Housed within The Community Synagogue’s Early Childhood Center, the ECC Summer Camp Program offers children ages 2 through 5 the opportunity to spend the summer playing and learning in a fun and safe environment.
The 12-acre property affords children room to “spread their wings” splashing around in the water play area, enjoying sports classes with FAST Athletics, theme weeks, arts and crafts, and celebrating Shabbat on Fridays all summer long.
Amidst the usual hustle and bustle of camp life, this summer, campers in the summer program have been protecting the lives of some very special insects – monarch butterflies.
Summer camp head teacher, Amy Rubinstein, has spearheaded the effort to adopt tiny caterpillar eggs and babies and to help keep them safe until the butterflies are ready to take flight. Throughout the summer, Rubinstein has captivated the children in her camp group as they have watched the miniscule caterpillars grow, transition to the chrysalis stage, and finally emerge as monarch butterflies.
“The children are fascinated by how small the caterpillars are when they start out, and they are eager to check on them throughout the day. They happily take on the role of “caretakers” and embrace each transformation with genuine compassion,” said Rubinstein.
Local monarch enthusiast, Tanya Clusener, has been gathering eggs since May, and has thus been keeping the summer camp children busy observing the daily changes happening right before their eyes.
This season of “monarch mayhem,” as Clusener fondly calls it, she is working with the Monarch Watch Tagging Program (www.monarchwatch.org) to help them track the butterflies that are released this season to help study migration patterns.
When it comes to young children sharing in this project, Clusener talks about how the children feel an “ownership” of the butterflies, which in turn, “creates a long-term commitment and connection. Butterflies have a calmness and stillness about them that they impart on children, and they find a connection with these monarchs on a totally different level than adults.”
Clusener is passionate about the monarch tagging process, which involves waiting for the newly emerged butterflies to dry for three hours before they can be tagged. The monarchs are individually tagged in a specifically location on the wing, using a combination of four letters and three numbers.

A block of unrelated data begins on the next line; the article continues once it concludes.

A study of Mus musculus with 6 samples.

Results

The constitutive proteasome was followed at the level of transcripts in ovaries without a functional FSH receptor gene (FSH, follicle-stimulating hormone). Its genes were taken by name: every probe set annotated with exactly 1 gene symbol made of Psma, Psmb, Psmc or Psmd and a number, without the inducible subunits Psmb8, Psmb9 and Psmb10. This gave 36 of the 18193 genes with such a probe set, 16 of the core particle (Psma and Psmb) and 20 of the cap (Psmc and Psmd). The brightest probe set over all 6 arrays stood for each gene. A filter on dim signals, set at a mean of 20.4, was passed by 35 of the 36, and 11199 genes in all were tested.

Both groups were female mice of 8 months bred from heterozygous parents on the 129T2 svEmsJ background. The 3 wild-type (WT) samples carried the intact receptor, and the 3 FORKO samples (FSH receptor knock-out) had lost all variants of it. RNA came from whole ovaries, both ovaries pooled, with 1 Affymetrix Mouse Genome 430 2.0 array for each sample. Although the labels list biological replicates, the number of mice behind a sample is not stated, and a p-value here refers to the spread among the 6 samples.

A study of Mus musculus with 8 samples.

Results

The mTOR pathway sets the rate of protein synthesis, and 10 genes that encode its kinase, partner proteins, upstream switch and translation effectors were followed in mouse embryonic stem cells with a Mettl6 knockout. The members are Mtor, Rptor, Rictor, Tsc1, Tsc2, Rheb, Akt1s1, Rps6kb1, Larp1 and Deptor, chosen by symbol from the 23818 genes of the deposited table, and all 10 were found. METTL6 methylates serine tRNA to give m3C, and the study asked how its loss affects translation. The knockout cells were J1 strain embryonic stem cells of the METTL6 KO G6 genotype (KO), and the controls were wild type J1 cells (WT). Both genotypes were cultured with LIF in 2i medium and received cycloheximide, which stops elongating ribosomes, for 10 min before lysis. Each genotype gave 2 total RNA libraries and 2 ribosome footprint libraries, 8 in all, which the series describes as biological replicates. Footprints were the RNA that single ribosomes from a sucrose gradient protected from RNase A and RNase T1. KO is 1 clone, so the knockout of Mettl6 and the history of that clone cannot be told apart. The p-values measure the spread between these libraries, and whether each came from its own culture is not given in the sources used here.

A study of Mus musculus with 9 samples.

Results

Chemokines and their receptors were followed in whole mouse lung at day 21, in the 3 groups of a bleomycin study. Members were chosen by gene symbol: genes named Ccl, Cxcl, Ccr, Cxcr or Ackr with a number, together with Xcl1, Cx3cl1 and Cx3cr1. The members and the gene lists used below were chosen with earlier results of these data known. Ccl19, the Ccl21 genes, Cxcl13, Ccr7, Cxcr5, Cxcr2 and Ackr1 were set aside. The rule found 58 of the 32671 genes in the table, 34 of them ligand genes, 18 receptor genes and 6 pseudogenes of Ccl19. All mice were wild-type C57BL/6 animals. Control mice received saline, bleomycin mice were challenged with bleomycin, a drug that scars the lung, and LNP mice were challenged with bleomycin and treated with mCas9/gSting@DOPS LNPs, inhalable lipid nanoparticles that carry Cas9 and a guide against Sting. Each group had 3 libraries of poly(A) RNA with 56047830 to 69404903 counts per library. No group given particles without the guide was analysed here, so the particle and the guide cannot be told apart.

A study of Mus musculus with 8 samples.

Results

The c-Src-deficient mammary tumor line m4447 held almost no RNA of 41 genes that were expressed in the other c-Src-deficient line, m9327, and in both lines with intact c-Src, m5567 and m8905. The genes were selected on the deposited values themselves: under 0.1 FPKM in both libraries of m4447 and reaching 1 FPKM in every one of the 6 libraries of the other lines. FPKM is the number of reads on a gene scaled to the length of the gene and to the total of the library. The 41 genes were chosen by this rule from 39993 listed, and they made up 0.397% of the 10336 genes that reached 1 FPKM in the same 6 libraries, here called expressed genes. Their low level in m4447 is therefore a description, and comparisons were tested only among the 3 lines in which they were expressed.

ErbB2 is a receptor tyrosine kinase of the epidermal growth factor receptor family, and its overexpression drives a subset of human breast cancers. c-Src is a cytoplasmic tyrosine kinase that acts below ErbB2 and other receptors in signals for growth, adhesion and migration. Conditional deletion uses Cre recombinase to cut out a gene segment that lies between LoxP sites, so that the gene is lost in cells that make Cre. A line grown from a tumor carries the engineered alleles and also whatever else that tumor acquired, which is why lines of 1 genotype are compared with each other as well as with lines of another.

Clusener has a following of monarch fans who help foster the caterpillars at all stages of development. Clusener said “one of the biggest reasons I do this is to bring people together who wouldn’t have otherwise met. The butterflies allow people to connect through a shared interest in these butterflies.” Since May, Clusener has collected more than 2,100 eggs and close to 80 butterflies have been tagged to date.
Every day during camp, the children run inside to see what happened overnight inside the butterfly and caterpillar enclosures. At first, the more than 50 caterpillars housed in the camp building were barely visible to the naked eye, requiring the children to use magnifying glasses to even locate them.
Day by day, the children were able to watch the different stages of the butterfly lifecycle happening before their very eyes. The excitement on their faces, and the feeling in the air was palpable.
The children practiced important skills like patience, as they waited and watched. They learned how to be gentle and to be quiet while observing the transformation that was taking place. The average attention span of a three-year old child is roughly 6 minutes. This summer, the children spent roughly eight to ten minutes a day watching, waiting and discussing their adopted monarchs with their friends and counselors.
On release days, the children waited patiently outside on the grass as the butterflies took their time deciding when to take flight. When asked about where they thought the butterflies were going, the children had a variety of answers, from favorite local locations to places far and wide, like Mexico.
The Monarch Tagging Program, with the support of caring adults like Rubinstein and Clusener, provides young children the ability to talk about the monarch migration all year round. In the winter, the teachers talk with the children about where the summer butterflies may be, and how they are doing.
They can share pictures to remind the children of the magic of the summer when the monarchs were just tiny caterpillars, and how they transformed into the beautiful butterflies they are today.
The addition of the Monarch Tagging Program to the summer program at The Community Synagogue provided an additional layer of wonder and excitement to the children and teachers in attendance.
At the end of a busy summer day, parents reported back to the camp about discussions they were having with their children at home about their special caterpillar project at camp. This very special camp initiative is a memory that will hopefully remain with the children long after the summer months fade away.